The vote, in Omar’s opinion, is not simply a right; it is a privilege. 

Talk of revolutions, elections, tsunamis, voting and rejections hangs over the heads of our beleaguered people like a cloying pandemic; one that we are not immune to nor can we be cured of it. Most unfortunately democracy has no cure.

We are heartlessly given the right to choose our leaders; we who are sometimes unable to fulfill our nutritional requirements on a daily basis, we who are sometimes unable to purchase and consume potable, disease-free water, we who are sometimes unable to secure gainful employment, we who might not, on occasion have a tertiary, or a secondary, or, all holy God forbid, a primary education.

We are given said right; to select rulers, statesmen and leaders, given all our faculties, our capacities and our reservations. We are expected to succeed at making a cogent decision concerning the futures of a whole people while cloudedby a haze of poverty, hunger and decrepitude. It’s no surprise that people and not statesmen apologize for the governments that failed them.

So why even bother to vote; it’s not as simple as the fact that we can and therefore we should. It has more to do with the sense that we are capable of subverting the stratagems of lady Luck, who incidentally happens to be in bed with the landed gentry. We vote not out of a sense of nationalism, because with eight different languages based on six to seven distinct cultures, nationalism is as much a pipe dream today as it was 65 years ago.

We vote because, short of large-scale vigilantism and Megacity 1’s version of adjudication and execution, we are incapable of changing our destiny as a people and securing for ourselves, food, water and shelter from a storm of bullets and indebtedness. That is why we choose the people that we can relate to most easily, not because they espouse the same ideals as we do, but because they are the same as us; they grew up like us, they look like us, they speak like us and therefore they are our closest representatives who are willing to put themselves on a pedestal to talk, to convince, to be shouted at and shot at.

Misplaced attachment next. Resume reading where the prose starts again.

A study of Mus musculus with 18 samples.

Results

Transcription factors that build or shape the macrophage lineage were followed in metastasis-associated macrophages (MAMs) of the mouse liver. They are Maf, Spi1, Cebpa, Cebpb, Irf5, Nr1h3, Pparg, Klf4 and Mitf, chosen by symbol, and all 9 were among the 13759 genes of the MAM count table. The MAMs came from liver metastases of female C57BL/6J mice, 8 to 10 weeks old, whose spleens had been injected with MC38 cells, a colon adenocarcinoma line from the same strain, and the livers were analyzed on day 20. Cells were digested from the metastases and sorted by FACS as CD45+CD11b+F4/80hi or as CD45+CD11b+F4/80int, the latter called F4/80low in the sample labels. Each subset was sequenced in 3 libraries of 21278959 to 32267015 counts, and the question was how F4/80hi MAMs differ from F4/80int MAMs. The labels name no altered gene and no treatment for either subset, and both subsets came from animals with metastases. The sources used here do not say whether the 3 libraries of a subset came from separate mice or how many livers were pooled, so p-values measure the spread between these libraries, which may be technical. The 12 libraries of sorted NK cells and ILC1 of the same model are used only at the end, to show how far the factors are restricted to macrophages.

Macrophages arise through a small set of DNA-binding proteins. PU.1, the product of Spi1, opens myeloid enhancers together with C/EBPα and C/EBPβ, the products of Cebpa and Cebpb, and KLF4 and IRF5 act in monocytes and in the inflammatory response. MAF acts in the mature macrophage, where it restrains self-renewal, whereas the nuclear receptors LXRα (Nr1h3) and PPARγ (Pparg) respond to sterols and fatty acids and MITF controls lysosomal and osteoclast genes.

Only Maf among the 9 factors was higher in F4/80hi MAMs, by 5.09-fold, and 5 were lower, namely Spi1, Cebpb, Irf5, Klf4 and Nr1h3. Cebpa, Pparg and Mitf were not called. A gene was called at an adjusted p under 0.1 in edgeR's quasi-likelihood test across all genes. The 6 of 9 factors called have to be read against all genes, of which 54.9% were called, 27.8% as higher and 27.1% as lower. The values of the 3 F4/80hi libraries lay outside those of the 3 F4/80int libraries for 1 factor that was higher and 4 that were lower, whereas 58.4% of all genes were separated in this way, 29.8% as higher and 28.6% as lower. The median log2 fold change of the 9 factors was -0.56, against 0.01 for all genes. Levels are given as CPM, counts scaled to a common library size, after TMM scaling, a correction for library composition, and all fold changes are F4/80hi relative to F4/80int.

Karachi, no matter what you say about it, will accept you. It won’t matter where you are from, you will find someone as twisted and/or battered as yourself in this city. It is a city that shelters migrants; feeds them and clothes them and then asks for nothing in return as its denizens, short of burning to it the ground, do to it, all manner of inexplicable things. That is why Karachiites will vote in the migrants, the united migrants that is, as these are a people who have realized that they have as many similarities as they have differences.

The one common ideal that unites them is that they share the same breathing space and it would be better for all parties concerned that to ensure that the aforementioned breathing space remains peaceful. Without a shadow of a doubt this city produces unmatched bloodshed, unhindered vitriol and unfettered sadness, but with that it also provides for half the nation’s revenue. MQM before anything has this city’s best interests; this might seem untrue as charges have been levelled against them about protection money and racketeering.

Yet in a city where police officers can be bought and paid for with a hundred rupees and where the city does not receive half the revenue it generates and fails to tax the stinking rich, generating revenue in this unorthodox fashion is not the worst idea that can be had.